It’s normal to give reassurance to kids. But adults? We look for it in places without even realizing we’re doing it.
A few days ago we had our neighbors over for dinner. Their 8th grader is an exceptional artist. She goes to an art school instead of a normal high school, she makes stuff that I would actually hang on my walls. Her work is really, really good. What I love, though, is that she doesn’t know it.
Every time I visit my neighbor’s house she takes me around and shows me her latest creations. I always enjoy it. It’s fun to walk around with her and genuinely tell her what I like about her work, and I can tell she appreciates it, too.
This time though, the neighbors were at our house and it just so happened that I had made pressed flower art that I wanted to show off. No—I didn’t want to show it off—I wanted the 8th grader who is really good at art to tell me that my art was good. I liked it, sure. But to me, it wouldn’t be good unless she told me it was.
I didn’t think about it much at the time but a few days later I was shopping and came across a shirt I wanted to buy. Instead of bringing it to the cash register and purchasing it, I took a photo of it and sent it to my sister with a text that said, “should I buy this?”
Right there I stopped and reflected.
I needed someone else to verify that my purchase was worth it. Just like I needed a teenager to tell me my art was good before I could deem it worthy.
It’s so ingrained in me to seek out reassurance. I have super supportive family and friends. So much so that I look to them a lot when making decisions.
When I noticed myself seeking out reassurance more than I should’ve that week, I reminded myself this:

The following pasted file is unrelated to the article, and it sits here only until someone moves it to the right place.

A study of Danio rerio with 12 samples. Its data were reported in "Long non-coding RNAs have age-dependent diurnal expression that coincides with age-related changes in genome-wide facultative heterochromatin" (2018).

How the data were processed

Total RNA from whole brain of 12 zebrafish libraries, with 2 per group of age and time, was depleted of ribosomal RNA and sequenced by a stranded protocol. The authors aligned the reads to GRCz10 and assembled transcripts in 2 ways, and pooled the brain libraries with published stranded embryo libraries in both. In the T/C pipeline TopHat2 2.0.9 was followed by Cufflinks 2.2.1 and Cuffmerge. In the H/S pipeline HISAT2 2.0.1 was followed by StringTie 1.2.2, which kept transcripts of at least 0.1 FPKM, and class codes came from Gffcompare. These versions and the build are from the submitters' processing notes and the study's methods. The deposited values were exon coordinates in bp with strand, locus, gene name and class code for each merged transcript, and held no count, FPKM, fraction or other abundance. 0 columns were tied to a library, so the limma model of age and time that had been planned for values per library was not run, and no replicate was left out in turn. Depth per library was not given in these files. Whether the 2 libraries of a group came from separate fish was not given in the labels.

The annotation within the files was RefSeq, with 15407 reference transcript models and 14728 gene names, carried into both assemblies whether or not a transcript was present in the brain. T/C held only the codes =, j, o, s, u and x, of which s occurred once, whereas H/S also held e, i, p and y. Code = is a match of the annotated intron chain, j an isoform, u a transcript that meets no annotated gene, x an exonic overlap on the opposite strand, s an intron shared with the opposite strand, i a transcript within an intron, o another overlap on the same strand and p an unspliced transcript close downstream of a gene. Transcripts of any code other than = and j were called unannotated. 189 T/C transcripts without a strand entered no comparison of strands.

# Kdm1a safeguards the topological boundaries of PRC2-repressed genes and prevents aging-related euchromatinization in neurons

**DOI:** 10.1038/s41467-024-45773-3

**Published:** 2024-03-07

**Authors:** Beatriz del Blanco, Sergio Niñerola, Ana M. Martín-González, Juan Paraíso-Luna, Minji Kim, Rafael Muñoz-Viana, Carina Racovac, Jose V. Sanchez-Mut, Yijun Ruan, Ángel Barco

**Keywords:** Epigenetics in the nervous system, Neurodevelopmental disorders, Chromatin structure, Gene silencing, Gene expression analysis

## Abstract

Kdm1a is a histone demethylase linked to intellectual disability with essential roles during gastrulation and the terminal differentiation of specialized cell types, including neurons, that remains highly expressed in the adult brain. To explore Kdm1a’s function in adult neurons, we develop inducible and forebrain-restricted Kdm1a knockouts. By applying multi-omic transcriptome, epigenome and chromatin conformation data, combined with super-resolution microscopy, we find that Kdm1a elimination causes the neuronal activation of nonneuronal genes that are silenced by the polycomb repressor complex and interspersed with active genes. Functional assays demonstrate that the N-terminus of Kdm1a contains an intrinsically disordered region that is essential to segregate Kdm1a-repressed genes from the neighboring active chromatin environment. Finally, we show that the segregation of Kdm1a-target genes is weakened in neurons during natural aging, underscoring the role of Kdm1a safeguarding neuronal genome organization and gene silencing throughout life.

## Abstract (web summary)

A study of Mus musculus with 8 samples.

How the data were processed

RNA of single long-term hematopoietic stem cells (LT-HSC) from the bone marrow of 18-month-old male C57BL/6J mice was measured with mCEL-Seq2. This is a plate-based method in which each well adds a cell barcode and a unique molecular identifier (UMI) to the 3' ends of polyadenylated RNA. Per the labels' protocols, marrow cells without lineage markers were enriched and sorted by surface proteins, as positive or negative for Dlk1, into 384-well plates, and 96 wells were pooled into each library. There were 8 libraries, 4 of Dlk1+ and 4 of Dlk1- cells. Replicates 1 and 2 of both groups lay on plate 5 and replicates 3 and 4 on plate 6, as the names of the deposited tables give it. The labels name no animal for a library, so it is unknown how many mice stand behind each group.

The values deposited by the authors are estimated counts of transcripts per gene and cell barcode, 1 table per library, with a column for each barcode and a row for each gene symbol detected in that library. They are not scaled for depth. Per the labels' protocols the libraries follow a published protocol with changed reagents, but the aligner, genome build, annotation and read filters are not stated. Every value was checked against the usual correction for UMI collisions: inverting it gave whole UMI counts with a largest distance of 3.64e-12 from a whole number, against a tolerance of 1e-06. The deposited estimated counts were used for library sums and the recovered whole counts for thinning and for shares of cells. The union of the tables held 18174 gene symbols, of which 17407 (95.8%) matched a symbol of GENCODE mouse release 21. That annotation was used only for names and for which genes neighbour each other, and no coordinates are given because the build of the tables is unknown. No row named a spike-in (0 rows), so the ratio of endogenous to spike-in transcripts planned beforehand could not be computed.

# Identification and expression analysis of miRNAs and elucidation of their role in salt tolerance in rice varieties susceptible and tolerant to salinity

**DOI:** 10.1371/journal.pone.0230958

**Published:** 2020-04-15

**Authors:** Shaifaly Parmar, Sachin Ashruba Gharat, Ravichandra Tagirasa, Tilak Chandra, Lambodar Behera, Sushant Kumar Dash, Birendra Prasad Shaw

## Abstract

Reassurance is a crutch. It can be helpful at times, but when used too much it takes you away from your relationship with your own inner guidance system. It fuels doubt in your gut.
Think back to my story about the 8th grader. What do you know, do you do, do you make that is really good yet you don’t know it is until someone else tells you?
Think back to my story about my shopping experience. When do you look toward another person to verify that you’re on the right path…. even when you’re just buying a $20 sweater?
Every time we look outside ourselves for encouragement, validation, or reassurance we’re cheapening the value of our own voice, our relationship, and our trust with ourselves. I’m not saying that you should stop asking for advice or opinions, but you might want to bring awareness to how often you do so. Maybe you’re nothing like me. Maybe you know what you want and you don’t need anyone to tell you that you’ve made a good choice. If so, more power to you. But if not, I give you this.
You’re voice, your gut, your inner guidance is right.
She knows you.
She knows your highest Self. She’s guiding you and she’s begging you to listen to her. When it comes to big decisions, $20 sweaters, or your latest kitchen creation. She’s guiding you. Listen. She’s got a lot to say. And when you look outside yourself, cool, but always remember to turn back inside and fuel your relationship with your Self. It’s the best guidance, validation, and reassurance you can ever get. The more you listen, the more you’ll trust, and the farther you’ll go.
The only reassurance I need is from myself.
PS. This is my last post of 2018. Starting this week I’ll be enjoying a vacation back home with family and friends. But, Monday Mantra and Friday Digs will be back in full swing at the start of January. To all of you who read my weekly emails or type gmg into your browsers every week, thank you. From the bottom of my heart, thank you. I love being on this mindful journey with you. Have a Merry Christmas, Happy Holiday, and sweet and joyous celebrations all around. Most importantly, here’s to another mindful year—Happy 2019! See you then.